LOS ANGELES - In response to action taken by the ACLU of Southern California, the state Department of Corrections has concluded that excluding HIV positive inmates from its spousal family visitation program is discriminatory and contrary to federal law.

The decision, which was received by the ACLU this month, comes after a Southern California married couple, who has been together for six years, was excluded from family visits according to the Department's then-existing policy, even though the spouse agreed to sign a document acknowledging that she was aware of her husband's HIV status.

"We are pleased that the DOC recognized its mistake swiftly," said ACLU/SC staff attorney Christine P. Sun. "A blanket rule that discriminates against and isolates those with HIV sends the wrong message and is illegal. Cutting off inmates from their spouses just because they have HIV not only irreparably harms their relationship, but also wrongfully discriminates on the basis of disability."

The ACLU of Southern California was originally contacted by a Southern California woman last fall after she and her husband were denied an overnight family visit by the Department of Corrections because her husband, who has served two years of an 8-year sentence at a men's correctional facility, is HIV positive. Such visits are typically granted to low security inmates and are widely regarded as integral to keeping families intact after incarceration.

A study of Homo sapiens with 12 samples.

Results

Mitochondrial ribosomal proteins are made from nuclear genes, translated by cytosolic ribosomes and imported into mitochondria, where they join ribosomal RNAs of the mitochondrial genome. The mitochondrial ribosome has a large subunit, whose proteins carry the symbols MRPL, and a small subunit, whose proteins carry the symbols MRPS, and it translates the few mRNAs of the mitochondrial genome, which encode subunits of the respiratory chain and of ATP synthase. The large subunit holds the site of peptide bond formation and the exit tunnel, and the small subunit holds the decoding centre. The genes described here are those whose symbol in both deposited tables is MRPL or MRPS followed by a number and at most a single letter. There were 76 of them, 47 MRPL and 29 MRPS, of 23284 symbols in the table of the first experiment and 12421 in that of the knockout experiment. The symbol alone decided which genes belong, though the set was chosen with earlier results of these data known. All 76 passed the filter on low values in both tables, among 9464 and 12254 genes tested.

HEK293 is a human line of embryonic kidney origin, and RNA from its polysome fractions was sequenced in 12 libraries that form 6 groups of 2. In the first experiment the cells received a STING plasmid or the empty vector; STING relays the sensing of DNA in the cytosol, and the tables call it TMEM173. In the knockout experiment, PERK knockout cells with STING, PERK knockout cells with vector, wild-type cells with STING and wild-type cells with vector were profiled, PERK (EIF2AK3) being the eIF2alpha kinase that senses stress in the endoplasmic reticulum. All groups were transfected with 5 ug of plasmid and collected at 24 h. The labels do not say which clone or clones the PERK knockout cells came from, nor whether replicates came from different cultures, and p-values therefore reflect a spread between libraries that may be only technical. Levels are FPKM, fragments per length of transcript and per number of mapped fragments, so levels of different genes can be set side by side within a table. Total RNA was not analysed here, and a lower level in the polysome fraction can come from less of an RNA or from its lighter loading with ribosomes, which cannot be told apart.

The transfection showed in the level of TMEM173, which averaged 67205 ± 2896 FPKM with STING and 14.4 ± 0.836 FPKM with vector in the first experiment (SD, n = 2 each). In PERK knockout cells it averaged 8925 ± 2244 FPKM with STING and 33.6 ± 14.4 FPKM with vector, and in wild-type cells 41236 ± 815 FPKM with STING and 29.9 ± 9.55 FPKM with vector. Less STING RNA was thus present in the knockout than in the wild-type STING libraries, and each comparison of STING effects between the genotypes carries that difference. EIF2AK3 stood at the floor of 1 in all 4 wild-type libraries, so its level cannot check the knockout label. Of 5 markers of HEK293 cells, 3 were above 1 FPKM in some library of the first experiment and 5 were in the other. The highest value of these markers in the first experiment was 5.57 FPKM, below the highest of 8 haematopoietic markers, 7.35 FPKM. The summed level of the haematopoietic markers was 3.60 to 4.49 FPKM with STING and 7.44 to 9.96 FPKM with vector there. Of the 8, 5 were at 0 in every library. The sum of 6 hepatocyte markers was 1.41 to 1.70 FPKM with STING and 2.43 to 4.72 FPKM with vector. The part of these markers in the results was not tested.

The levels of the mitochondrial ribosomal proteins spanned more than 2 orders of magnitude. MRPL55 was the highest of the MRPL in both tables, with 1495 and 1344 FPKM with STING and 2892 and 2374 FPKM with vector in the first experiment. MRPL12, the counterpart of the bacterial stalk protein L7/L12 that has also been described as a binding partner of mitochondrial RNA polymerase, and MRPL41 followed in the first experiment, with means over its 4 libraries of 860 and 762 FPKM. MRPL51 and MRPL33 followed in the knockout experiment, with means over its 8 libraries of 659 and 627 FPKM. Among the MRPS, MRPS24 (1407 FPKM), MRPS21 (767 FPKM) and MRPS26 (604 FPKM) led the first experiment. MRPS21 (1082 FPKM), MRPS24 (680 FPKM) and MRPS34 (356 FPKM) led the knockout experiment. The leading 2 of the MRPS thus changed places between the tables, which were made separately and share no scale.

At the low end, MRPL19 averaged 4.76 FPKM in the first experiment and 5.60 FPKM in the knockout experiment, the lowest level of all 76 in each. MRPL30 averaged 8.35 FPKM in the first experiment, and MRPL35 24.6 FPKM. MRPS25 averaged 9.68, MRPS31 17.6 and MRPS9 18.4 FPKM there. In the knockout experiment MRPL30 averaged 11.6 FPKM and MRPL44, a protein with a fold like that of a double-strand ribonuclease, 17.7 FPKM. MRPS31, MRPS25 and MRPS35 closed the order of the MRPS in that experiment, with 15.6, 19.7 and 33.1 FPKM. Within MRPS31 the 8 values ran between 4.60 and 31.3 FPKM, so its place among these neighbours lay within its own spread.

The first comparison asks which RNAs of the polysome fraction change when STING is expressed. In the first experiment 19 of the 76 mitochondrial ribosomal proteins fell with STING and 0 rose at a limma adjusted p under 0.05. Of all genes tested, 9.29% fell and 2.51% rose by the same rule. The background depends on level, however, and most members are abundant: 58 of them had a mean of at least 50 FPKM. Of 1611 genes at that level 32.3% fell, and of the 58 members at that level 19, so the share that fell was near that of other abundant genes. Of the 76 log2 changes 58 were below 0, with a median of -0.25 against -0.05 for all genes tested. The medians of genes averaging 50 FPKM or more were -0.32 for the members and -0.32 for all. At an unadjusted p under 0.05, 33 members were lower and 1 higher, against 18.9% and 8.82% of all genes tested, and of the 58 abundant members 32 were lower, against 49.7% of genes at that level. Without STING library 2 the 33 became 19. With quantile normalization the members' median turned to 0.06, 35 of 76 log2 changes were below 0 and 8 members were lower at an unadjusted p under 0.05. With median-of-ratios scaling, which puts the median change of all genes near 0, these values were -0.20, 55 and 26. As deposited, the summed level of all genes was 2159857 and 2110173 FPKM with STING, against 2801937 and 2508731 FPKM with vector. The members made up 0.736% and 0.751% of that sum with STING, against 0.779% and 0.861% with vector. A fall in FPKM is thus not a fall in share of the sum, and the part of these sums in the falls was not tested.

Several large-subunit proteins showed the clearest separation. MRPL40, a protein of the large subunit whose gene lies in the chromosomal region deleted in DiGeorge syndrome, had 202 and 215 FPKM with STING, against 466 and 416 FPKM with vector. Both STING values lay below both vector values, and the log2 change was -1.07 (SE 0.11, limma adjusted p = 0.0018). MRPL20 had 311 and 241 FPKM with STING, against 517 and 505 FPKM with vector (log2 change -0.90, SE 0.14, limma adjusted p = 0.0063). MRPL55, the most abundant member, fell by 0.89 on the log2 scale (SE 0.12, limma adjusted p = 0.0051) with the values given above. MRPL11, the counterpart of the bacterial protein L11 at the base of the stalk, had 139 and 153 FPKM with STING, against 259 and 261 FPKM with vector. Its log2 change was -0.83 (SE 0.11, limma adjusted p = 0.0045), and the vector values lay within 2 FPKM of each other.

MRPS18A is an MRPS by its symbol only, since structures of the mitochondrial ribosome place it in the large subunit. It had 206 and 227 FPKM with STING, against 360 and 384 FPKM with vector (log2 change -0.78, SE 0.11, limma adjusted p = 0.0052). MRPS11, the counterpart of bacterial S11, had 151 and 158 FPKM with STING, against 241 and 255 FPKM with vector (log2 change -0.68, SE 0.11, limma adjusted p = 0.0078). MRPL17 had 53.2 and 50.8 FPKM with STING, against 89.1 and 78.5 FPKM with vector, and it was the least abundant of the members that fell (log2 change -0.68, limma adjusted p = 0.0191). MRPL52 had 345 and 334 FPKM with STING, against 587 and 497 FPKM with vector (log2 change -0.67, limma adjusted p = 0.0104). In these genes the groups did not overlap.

After the ACLU sent a demand letter and a public records act request on behalf of the couple, the DOC and its Office of Legal Affairs concluded that "to deny inmates participation in family visiting with their spouse because they have HIV is discriminatory," and violates United States Supreme Court precedent. The Department also agreed that from now on, it will generally permit inmates with HIV to have family visits with their spouses as long as the spouses sign confidential agreements that they are aware of the inmate's health.

"This is an important decision because it recognizes that people with HIV, with the proper medical care, can lead long and productive lives," said Rosemary C. Veniegas, the associate director at an HIV center at the UCLA School of Medicine. " As most public health organizations now recognize, couples where one partner has HIV can be very careful and take precautions to contain the disease."